1. Graham, Frederick BN, RN


Frederick Graham, a clinical nurse consultant from Princess Alexandra Hospital in Brisbane, Australia, presents this month's column focused on improving nursing care for people with dementia and delirium in hospitals.


Article Content

Hospitals are seriously challenged in their ability to provide high-quality care for patients with dementia and delirium. These patients often experience poor outcomes because of inappropriate environments, ineffectual systems, and poor staff knowledge.1-31-31-3 Quality outcomes for patients with cognitive impairment are achieved in care settings where caregivers value personhood and relationships, allow flexibility, and encourage nurse-patient reciprocity.4,54,5 Hospital environments have not traditionally been established to cater to these needs. This article outlines the journey being undertaken at the Princess Alexandra Hospital (PAH) toward recognizing the importance of creating a psychosocial environment conducive to the well-being and subsequent health of patients with cognitive impairment.



It is clear that a different nursing approach is necessary. As a 3-time accredited Magnet(R) hospital, PAH is perhaps better prepared than most as an organization to implement cultural changes that improve patient outcomes. In 2008, leaders at PAH developed an innovative 8-bed high-dependency unit (HDU) for cognitively impaired patients. Patients relocated to the HDU receive care from specially trained staff with appropriate resources tailored to provide a rich psychosocial environment conducive to reducing behavioral and psychological symptoms. Across the 3 medical wards serviced by the HDU, there has been a 30% reduction in falls in cognitively impaired patients and a 62.7% reduction in nurse-specials (sitters) required after just 2 years. The HDU also provided a specialized environment in which tools and resources were developed and subsequently adopted across the hospital. One such tool was an innovative behavioral observation and pain assessment chart. Another resource was the "sunflower" chart, which provides information about the patient's "life story" as a quick reference for all staff to facilitate conversation, socialization, and activity.


As PAH is a large metropolitan hospital, it became abundantly clear that PAH could not improve care for all cognitively impaired patients in the hospital by using only 1 HDU. Changes at the bedside across all wards in the hospital would be required. All nursing staff would need to be educated about dementia and delirium. A clinical nurse consultant (CNC) role in dementia and delirium was sponsored by the executive director of nursing and began to support change across the organization by providing education and training while modeling best practices alongside the staff. The CNC role developed a mandatory educational program, which was rolled out across the hospital. It included written modules, interactive workshops, and a delirium-screening tool to aid in early identification and management of patients with cognitive impairment.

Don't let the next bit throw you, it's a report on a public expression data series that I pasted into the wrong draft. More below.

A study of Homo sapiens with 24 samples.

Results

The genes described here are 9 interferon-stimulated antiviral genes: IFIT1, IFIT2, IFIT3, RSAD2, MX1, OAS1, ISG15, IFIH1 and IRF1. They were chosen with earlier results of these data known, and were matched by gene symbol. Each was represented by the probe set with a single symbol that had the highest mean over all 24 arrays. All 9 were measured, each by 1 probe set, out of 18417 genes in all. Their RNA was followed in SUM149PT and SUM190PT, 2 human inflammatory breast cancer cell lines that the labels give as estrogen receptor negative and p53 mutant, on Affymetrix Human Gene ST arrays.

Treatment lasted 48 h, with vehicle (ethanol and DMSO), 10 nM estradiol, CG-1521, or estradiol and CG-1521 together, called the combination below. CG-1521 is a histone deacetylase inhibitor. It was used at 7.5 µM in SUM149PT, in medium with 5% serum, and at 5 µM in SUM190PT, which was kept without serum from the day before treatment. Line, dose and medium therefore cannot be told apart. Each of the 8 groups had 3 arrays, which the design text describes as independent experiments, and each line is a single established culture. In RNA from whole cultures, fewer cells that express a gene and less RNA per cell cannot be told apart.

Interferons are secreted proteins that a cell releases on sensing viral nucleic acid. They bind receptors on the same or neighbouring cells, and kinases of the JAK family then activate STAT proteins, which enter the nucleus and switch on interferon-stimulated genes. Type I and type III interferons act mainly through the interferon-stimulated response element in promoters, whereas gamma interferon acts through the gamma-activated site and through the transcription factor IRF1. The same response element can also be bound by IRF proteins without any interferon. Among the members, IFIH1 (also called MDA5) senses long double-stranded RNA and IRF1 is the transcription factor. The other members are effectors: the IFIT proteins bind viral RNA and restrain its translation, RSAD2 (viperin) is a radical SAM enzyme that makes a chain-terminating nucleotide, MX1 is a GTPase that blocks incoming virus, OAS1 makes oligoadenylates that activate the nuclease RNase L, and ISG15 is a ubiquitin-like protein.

Through this education, a network of 120 passionate change-champion nurses was recruited. These "cognition champions" have established high-profile "cognition corners" in their nursing stations that provide staff with immediate access to clinical tools and resources to facilitate and engage patients in recreation, exercise, and social activity. The sunflower chart is also available, along with the behavioral observation chart and the delirium-screening tool. Cognition champions meet monthly to exchange ideas and update resources such as indwelling urinary catheter decoy aprons and fiddle blankets (blankets covered in texturally stimulating materials for distraction) made to order by hospital volunteers.


When the journey commenced, it was targeted and local. Now a hospital-wide approach is clearly visible, and nurses are starting to display flexibility in their approach to caring for patients with cognitive impairment by creatively working to provide an improved psychosocial environment. Alongside specialized clinical assessments, emphasis is placed on meaningful interaction, dignity, and person-centeredness. Nurse-specials work closely with RNs in delivering individualized care plans. The goal of a therapeutic psychosocial environment is collectively understood. Nurse-specials (sitters) routinely take patients outside for walks. They skillfully engage patients in daily activities, including recreation and exercise, and use person-centered communication drawn from the sunflower chart. The RNs use evidence-based tools to conduct behavioral assessments and to identify and treat behavioral triggers such as pain and delirium.


To date, improvements in care for this patient cohort at PAH are described anecdotally on a daily basis. As the recipient of a federally funded research grant in 2015 (Department of Social Services, Australian Government), the hospital will now use robust outcome measures to evaluate the effect of using cognition champions to improve the quality of care for people with cognitive impairment. Armed with these data, we hope to fine-tune our advances through feedback and evaluation. The improved delivery of flexible person-centered care in busy hospital environments is an exciting new frontier in acute care nursing.